Observations on life

Time for Millennials to wake up

This is a quote from a Marketwatch article. The young millennial is not saving; she says there is no future because of climate change and she says capitalism doesn’t work.

I was in college when the financial collapse happened, and I remember the intense dread and panic around me as people who played by the rules of the system and did everything right lost all of their savings,” she says. “What will prevent that from happening again? The system doesn’t work.”

This is what you get from the barrage of political rhetoric. That and an apparent lack of history knowledge including the many crisis Americans have endured and overcome, in large part because of capitalism.

“Did everything right and lost all their savings?” Guess what, anyone who lost all their savings did everything wrong. They probably got out of the stock market in a panic at the low point thereby missing the next ten years of growth. Also, it’s doubtful she has much knowledge of the role government played in creating the subprime lending fiasco that lead to the mortgage shenanigans by lenders or that borrowers ignored what they could afford or that some homeowners over leveraged by using their homes as ATMs.

The 21st century seems to be the new dark ages.


  1. Or, they are smarter and more logical than I am – having figured out the long run “game”.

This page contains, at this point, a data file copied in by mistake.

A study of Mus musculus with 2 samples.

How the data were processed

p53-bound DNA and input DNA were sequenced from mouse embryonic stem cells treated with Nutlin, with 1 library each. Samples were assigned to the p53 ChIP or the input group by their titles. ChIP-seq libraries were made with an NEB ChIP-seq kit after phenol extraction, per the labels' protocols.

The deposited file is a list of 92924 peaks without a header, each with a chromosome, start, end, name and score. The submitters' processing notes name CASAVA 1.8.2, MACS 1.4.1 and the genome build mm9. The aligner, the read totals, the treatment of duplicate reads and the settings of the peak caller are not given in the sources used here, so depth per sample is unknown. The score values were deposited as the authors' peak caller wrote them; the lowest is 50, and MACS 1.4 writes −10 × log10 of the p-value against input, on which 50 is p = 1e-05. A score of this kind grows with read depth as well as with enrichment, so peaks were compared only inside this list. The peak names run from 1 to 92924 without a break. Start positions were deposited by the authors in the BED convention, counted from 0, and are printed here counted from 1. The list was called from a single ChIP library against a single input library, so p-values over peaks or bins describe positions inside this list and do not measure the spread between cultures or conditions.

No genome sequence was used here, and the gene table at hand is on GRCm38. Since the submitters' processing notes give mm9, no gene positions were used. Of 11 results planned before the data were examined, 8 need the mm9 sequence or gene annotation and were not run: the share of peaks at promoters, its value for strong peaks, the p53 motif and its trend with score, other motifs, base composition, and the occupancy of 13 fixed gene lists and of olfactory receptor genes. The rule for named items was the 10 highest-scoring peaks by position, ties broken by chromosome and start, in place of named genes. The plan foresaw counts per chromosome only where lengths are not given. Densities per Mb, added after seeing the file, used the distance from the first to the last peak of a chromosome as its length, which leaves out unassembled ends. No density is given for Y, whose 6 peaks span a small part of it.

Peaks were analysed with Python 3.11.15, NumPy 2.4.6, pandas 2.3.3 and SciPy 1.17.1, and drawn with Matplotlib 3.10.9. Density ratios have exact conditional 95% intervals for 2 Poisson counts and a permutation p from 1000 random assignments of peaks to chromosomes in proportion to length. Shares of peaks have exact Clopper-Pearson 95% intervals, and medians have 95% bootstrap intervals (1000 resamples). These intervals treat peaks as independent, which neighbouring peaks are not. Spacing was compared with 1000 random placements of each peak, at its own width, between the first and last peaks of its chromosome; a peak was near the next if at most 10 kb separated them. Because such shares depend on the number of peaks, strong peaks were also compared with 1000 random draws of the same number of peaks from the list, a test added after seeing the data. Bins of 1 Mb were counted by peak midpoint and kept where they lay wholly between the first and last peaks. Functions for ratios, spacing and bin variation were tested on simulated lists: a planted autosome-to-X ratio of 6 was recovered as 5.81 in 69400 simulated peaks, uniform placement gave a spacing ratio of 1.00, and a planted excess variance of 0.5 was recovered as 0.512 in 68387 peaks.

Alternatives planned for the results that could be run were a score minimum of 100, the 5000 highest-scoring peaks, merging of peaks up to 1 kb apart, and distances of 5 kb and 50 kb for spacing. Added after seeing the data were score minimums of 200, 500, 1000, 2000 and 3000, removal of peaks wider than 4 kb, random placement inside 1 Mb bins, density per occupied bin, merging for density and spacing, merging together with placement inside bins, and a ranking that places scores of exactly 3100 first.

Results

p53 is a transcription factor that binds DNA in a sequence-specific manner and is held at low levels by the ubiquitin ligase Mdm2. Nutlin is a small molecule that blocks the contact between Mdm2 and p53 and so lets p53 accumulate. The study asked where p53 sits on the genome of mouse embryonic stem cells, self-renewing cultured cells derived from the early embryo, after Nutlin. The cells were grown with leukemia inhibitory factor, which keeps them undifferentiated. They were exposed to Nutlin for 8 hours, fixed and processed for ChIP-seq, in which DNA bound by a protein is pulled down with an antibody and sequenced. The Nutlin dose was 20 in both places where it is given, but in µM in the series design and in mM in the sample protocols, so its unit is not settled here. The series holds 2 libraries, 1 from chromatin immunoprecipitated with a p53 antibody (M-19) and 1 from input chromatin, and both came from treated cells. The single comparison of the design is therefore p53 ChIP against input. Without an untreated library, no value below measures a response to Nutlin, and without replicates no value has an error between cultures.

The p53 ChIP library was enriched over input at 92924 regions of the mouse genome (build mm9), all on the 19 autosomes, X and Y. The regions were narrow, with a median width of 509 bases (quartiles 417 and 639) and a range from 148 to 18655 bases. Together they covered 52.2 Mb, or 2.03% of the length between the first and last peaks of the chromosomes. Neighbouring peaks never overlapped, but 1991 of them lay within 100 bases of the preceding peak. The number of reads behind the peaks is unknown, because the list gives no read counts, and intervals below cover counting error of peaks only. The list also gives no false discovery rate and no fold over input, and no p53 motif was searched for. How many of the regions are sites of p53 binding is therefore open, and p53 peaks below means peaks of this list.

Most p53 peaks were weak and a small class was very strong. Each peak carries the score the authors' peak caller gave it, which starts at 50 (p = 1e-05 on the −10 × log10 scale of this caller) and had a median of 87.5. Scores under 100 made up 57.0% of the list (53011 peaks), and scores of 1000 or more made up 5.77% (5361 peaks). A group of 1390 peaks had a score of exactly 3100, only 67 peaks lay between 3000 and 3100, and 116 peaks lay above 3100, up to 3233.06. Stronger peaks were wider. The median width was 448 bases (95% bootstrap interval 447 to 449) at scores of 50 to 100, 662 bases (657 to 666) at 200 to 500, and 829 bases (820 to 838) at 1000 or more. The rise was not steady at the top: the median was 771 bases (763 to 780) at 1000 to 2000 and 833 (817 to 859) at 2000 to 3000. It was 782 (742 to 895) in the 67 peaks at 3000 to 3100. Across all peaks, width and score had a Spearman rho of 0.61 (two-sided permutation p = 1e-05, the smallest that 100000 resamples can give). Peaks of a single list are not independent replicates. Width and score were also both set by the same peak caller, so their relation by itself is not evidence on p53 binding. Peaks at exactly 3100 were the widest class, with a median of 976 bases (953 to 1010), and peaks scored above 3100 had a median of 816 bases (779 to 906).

Perhaps they see clearly the day in their long term future when everyone will have to pay taxes on social security benefits and when the income-based surcharges on medicare part B and D will be so high as to equal/exceed the cost of coverage itself. They may ask, why save enough to expose yourself to those taxes and premiums. Instead, perhaps it is better to enjoy life now, and become the beneficiary of “guaranteed income” and “medicare for all” promises.

    Why save for the long run – knowing that Bernie and Pocahontas/Mataoaka Liz, et.al. are scheming to tax away any wealth you might accumulate.

    Instead, sit back, accumulate debt, live for today, and remember to vote in every election for the idiots who would take wealth from the productive and give it to welfare recipients, while waiving accumulated debts, etc. Once that pattern emerges, I know that I will spend every last penny before I pass it to the feds in taxes. Oh, please forgive me for the taxes that I failed to pay!

    This is the crap you hear everyday on the campaign trail.